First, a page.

The EU is ready for negotiations on industrial tariffs, its top trade official said
By Diego Flammini
Agriculture won’t be part of any trade discussions between the U.S. and the European Union, Europe’s top trade representative said.
Speaking with reporters in Belgium on Monday, EU Trade Commissioner Cecila Malmstrom said “there is absolutely no possibility to include agriculture in these discussions,” the Associated Press reported.
Phil Hogan, Europe’s agriculture commissioner, agrees.
“Agriculture should be excluded from negotiations with the United States,” he told Reuters during the G20 in Japan.
The EU is prepared to start negotiations on industrial tariffs, but the U.S. “seem not to be, yet. We have conflicting mandates there,” Malmstrom told the Associated Press.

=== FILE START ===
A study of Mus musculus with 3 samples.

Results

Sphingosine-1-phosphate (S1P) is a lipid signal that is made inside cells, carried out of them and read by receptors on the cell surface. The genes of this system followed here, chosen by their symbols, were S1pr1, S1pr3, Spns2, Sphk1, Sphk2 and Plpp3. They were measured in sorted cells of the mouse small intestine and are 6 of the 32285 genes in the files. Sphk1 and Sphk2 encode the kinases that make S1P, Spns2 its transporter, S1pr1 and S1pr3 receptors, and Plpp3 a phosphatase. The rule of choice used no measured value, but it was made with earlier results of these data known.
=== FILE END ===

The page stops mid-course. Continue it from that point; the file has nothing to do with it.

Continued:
This latest round of rejection comes after the EU formally voted to exclude ag from trade talks with the U.S. last month.
It’s also the latest move in the chess match between the two potential trading partners.
Bilateral discussions date back to July 2018 when President Trump and European Commission President Jean-Claude Juncker agreed to form a working group to reduce trade barriers.
In January 2019, the EU announced an agreement that will allow U.S. soybeans to be used in biofuel production. The deal is in place until at least July 1, 2021.
Then in February, French President Emmanuel Macron said he wouldn’t support trade negotiations with the U.S. that included ag because the EU holds its farmers to standards which U.S. producers don’t meet.
U.S. President Trump has threatened the EU with tariffs if American farm products aren’t part of trade talks.
Farms.com has reached out to U.S. farmers and ag organizations for comment.